Why are Conroe’s new red light camera’s necessary?

The Conroe Police Department issued a statement earlier this week announcing the implementation of a red light camera program, which stated in part:

The “Warning Period” began the morning of January 5, 2010 and will continue until February 4, 2010.  A violation notice will be sent out, but no fine will be assessed during this month unless the driver is stopped by a Police officer.  After February 4, 2010, citations will be issued with civil fines of $75 for violations.

The following is in response to the newly announced red light camera program in the City of Conroe.

By Officer David Falco

…because the life you save may be your own or someone you care about!


Take a moment and read the information below in regards to running red lights and the use of the Red Light Camera Program.  The time you take to read this could save your life and make you a little more intelligent.

Red-light Running Facts

Red-light running is a dangerous and costly problem.

  • Red-light running is the leading cause of urban crashes according to the Insurance Institute for Highway Safety.
  • In 2006, 144,000 injuries and nearly 900 fatalities in the U.S. were attributed to red-light running. There were more than 1.8 million accidents at intersections.

A crash caused by a driver who runs a red light is more likely to result in serious injury or death.

  • Deaths caused by red-light running are increasing at more than three times the rate of increase for all other fatal crashes.
  • More people are injured in crashes involving red-light running than in any other crash type.
  • Reduction in red-light running through a comprehensive red-light camera program will promote and protect the public health, safety and welfare of Conroe’s citizens.

Most people run red lights because they are in a hurry, when in fact they save only seconds.

  • Almost all drivers (96%) fear being struck by a red-light runner.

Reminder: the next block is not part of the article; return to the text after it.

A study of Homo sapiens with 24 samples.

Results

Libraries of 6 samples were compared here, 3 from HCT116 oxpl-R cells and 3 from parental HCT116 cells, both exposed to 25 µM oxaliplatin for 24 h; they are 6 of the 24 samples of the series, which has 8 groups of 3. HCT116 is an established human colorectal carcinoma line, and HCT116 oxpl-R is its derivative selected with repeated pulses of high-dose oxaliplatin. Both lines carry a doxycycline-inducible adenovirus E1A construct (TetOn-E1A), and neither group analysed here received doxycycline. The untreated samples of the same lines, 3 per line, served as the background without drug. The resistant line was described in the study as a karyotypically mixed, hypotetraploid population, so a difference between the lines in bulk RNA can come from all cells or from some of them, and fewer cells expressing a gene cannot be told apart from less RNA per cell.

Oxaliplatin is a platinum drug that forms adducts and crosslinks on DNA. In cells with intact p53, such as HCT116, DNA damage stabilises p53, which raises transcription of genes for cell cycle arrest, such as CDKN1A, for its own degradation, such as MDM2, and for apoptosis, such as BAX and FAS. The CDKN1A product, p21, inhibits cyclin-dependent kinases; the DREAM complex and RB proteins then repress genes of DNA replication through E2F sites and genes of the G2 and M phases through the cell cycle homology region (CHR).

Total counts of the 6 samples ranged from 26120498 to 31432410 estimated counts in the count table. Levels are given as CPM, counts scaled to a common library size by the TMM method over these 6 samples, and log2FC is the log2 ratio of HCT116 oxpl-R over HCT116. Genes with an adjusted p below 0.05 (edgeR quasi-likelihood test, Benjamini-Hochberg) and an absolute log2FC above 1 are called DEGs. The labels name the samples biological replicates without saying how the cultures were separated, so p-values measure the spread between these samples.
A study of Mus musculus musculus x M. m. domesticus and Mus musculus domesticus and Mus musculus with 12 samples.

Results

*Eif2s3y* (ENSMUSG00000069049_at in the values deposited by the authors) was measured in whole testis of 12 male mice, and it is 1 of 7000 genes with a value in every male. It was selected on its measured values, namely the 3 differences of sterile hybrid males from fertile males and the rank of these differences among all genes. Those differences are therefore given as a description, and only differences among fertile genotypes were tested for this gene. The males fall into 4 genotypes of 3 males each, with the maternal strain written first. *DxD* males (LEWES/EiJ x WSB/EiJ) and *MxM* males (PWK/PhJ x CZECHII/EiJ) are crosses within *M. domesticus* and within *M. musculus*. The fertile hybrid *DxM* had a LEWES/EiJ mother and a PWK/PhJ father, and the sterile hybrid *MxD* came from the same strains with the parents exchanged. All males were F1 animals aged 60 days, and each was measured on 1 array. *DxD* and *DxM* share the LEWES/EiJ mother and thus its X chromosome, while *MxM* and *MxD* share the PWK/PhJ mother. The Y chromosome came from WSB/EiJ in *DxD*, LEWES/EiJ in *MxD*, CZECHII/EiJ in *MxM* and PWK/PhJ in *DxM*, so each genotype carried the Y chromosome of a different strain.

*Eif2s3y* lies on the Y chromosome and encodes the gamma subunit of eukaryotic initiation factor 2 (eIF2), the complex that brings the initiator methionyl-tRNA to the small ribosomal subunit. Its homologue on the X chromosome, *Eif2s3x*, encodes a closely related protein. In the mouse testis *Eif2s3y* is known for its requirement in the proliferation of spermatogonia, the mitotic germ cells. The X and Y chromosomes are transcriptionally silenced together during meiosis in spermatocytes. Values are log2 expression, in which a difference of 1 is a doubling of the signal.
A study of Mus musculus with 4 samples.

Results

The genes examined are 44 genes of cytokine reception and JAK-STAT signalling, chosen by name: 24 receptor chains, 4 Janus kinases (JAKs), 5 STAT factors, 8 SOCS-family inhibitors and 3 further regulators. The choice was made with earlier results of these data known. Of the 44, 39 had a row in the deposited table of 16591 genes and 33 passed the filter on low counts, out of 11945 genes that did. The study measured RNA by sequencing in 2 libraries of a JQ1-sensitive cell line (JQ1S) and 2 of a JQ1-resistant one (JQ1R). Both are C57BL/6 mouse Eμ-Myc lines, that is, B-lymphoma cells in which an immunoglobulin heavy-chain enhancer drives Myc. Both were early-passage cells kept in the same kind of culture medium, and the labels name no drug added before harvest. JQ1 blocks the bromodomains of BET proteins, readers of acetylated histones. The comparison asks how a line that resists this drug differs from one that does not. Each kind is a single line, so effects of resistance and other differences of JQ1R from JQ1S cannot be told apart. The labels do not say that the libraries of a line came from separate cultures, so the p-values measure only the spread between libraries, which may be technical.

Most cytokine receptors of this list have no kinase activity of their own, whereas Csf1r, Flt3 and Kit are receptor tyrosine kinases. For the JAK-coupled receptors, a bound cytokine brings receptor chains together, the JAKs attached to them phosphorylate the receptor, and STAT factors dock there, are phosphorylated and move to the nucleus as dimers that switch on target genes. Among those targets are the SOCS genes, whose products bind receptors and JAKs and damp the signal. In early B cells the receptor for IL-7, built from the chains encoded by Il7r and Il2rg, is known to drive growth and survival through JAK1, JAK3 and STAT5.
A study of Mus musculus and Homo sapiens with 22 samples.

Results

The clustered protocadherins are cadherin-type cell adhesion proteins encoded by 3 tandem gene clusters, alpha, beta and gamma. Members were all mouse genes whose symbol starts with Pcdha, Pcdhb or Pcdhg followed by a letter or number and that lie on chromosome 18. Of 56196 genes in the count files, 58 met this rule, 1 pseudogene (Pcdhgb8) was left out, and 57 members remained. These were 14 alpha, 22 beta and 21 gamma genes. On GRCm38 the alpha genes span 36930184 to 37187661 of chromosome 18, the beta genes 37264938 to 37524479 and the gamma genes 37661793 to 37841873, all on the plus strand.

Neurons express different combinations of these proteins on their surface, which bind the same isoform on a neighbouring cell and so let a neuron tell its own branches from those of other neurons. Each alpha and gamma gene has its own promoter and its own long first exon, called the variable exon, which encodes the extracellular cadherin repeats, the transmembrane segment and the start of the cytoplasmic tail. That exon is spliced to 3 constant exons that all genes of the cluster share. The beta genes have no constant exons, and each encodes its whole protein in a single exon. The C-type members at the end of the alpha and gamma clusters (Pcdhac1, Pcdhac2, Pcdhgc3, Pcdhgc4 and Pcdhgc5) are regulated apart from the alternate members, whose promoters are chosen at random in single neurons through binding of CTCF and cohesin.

• A majority of Americans (56%) admit to running red lights.
  • Red-light runners can be anyone who drives.
  • One in three Americans knows someone who has been injured or killed in a red-light running crash.
  • Red-light running is often a result of aggressive driving and is completely preventable.


Sources: “Stop Red Light Running,” Federal Highway Administration Safety Website:

R. A. Retting and A.F. Williams, “Characteristics of Red Light Violators: Results of a Field Investigation,” Journal of Safety Research (1996): 27.1, 9-15.

Red-light Cameras Increase Safety by Changing Driver Behavior in the Long Run

  • In a 2007 study by the Insurance Institute for Highway Safety, researchers tallied signal violations at intersections in Philadelphia, Pennsylvania before and after red-light camera enforcement was in effect for about one year and found the cameras reduced violations by 96 percent.
  • Since May 2007, the city of St. Louis, Missouri has experienced a 49 percent reduction in citations at the first two photo-enforced intersections.
  • The city of Cathedral City, California reported a 50 percent decrease in the number of citations issued since 2007 and a 30 percent decrease in the number of reported traffic collisions at photo-enforced intersections.
  • The city of Seattle, Washington reported a 50 percent decrease in violations during the first year of its pilot program with six initial camera sites.
  • After the city of Gallatin, Tennessee, installed red-light cameras in 2006, citations for red-light running are down more than 40 percent and traffic accidents have reduced by 25 percent.
  • In Garland, Texas, crashes caused by red-light runners decreased by 56 percent (from 43 crashes to 19) at four intersections with red-light cameras installed. Overall, crashes reduced by 25 percent, and all injury crashes reduced by 27 percent.
  • After the first six months of its Intersection Safety Program, Houston, Texas reported a 30 percent decrease in overall crashes.
  • From 1994-2005, red-light running violations decreased 73% in New York City.
  • Accidents are down 11 percent in intersections with red-light cameras in Arnold, Missouri. At one intersection in front of a school, accidents decreased 50 percent.
  • During its first year of operation, the City of Florissant, Missouri saw a 51 percent reduction in citations at intersections with safety cameras.
  • In Calgary, Canada, the city reported a 29.4 percent decrease in total right-angle collisions, a 39.4 percent decrease in injury right-angle collisions, and a 100 percent decrease in fatal right-angle collisions.
  • Statistics from the Red Bank, Tennessee Police Department show a 13.8 percent reduction in collisions citywide on a year-over-year basis. Collision reductions at camera-equipped intersections resulted in even greater reductions.

To sum it up- STOP RUNNING RED LIGHTS!!!  And sadly enough, because so many people do run red lights, I strongly recommend that you do not jump right out there into the intersection when your light turns green.  Look first to make sure you’re not going to get hit by a red light runner.  You would be amazed at how late some drivers think they can still run the red light. 

Be as safe as you can, or stay off the road!

The opinions expressed above, though they may be shared, are that of the author and not necessarily that of the publisher.